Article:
I swear, coming back from a stage race is always complicated, the Breck Epic always more so. I figure I've done somewhere in the neighborhood of 25-30 stage races by now, and the Breck Epic is at the top of the list for most disorienting return ever.
I've got a pile of fitness, but it's buried under a mountain of fatigue. The first day at work is always so strange.
"Why do I come here?"
"How do I do my job?"
"Do I actually do this every day?"
I told myself all week that the 2015 Breck Epic would be my last one for awhile, yet a few days later, I'm thinking about going back. I know at least two people from North Carolina already expressing interest in racing next year... dammit.
Even more confuzzling is coming back to an empty house. No family, no dogs... just a hamster and a foster guinea pig. I've gone from an environment of constant stimulation to one of solitary confinement. I'm anxious to get back to "training," but honestly I can feel the lead in my legs on the way to and from work. My metabolism is jacked up, and I'm eating all the things all the time. And beer still tastes good.
Gravity feels different. The air is thicker. My brain, foggier. So weird to start the day not fueling myself to go over a mountain pass or two in the next few hours.
I figure I'll be back to normal human status before the end of the week. A pile of chores that need done (bike related and bill paying son of a bitch stuff) should pull me back down to earth in time for my family's return and going back to putting in extra miles for at least another month to get me through the rest of the "season."
Hey, why not mention three relatively useful things I really liked using at the Breck Epic.
Maxxis Ardent Race 3C/EXO/TR. It weighs more than a hundred grams more than the Ikon 2.2 I usually run, but damn if it doesn't hook up on the loose shit way better. I was climbing the bejeebus outta the trail. Worth the weight penalty... although I wish they just made a 3C/EXO sans TR (would be lighter), because who really pays attention to "Tubeless Ready" things?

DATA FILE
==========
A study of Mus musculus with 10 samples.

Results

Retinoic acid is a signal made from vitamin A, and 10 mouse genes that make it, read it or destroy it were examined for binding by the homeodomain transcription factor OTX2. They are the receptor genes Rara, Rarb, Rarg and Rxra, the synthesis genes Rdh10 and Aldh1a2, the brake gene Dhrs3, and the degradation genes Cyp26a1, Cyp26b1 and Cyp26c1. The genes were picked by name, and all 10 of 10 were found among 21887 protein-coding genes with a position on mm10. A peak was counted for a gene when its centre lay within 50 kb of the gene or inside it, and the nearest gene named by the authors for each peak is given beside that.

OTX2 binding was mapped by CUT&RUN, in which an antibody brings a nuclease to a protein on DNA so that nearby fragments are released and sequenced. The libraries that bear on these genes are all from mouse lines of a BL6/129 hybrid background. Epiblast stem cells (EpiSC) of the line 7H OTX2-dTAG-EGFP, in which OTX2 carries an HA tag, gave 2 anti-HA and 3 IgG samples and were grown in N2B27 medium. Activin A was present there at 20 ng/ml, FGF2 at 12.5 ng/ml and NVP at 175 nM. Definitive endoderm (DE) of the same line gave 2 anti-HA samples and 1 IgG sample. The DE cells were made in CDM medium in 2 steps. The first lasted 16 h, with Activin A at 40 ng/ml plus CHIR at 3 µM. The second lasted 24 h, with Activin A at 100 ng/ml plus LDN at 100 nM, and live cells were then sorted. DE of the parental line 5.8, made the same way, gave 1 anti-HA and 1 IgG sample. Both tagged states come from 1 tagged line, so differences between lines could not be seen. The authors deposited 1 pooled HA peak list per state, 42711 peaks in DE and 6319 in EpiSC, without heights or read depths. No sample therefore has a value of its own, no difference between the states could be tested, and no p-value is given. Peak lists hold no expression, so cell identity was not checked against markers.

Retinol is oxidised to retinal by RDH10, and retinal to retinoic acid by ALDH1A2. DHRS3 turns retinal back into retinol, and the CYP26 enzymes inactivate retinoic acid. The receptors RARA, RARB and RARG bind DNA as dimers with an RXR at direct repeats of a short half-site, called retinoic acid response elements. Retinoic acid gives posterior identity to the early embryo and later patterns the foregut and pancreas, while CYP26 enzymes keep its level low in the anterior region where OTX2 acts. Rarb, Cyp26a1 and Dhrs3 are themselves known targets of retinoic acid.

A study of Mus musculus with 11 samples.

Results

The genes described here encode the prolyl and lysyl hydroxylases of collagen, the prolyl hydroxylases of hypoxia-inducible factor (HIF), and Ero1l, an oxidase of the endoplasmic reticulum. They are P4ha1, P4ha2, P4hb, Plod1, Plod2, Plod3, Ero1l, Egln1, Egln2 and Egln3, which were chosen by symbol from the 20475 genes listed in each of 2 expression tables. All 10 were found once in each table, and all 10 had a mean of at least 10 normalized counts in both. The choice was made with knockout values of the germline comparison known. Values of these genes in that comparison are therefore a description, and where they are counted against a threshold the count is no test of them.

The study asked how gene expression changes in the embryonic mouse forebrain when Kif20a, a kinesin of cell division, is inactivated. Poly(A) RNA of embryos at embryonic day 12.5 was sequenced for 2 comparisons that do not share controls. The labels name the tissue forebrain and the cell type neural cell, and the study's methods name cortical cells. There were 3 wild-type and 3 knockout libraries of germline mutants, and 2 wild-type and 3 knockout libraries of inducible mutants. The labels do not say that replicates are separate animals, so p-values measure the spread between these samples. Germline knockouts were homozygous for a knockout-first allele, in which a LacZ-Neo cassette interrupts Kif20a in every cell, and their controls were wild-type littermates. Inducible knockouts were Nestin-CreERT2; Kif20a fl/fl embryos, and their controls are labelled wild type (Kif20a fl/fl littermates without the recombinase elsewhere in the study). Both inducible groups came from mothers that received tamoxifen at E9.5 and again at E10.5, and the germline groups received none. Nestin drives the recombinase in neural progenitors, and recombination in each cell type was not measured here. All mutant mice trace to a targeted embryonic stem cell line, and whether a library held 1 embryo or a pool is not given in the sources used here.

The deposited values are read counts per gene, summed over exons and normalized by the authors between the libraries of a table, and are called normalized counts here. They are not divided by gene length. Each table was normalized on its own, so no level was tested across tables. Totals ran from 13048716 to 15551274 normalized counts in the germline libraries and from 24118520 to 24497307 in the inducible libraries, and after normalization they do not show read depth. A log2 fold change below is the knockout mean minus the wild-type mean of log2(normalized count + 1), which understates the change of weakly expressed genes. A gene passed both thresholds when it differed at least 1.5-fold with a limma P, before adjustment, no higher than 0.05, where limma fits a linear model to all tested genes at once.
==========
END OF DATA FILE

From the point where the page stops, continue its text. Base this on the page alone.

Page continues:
That rim. The NOX Farlows (built up on the Industry Nine Torch platform) have been stellar, allowing me to drop some pressure and eat up dem bumps.
That strap. The Super 8 Strap from Backcountry Research. I saw so many dropped (full) gel packs, hats, gloves, knee warmers, arm warmers... you name it. Why? People shoving too much stuff in their pockets and then dropping shit while trying to sort through it all blindly behind their backs. Dumm. I was sticking all the excess (or emergency) clothing in the strap with the only thing in my pockets being, mustard, a Tülbag, and a couple gels (from left to right). I never had to deal with overstuffed pockets, and I never dropped a thing.
Success. Dare I say I'm "looking forward" to the Shenandaoh Mountain 100?
Prolly not. Almost three weeks to go. Anything could happen to bring sads between now and then.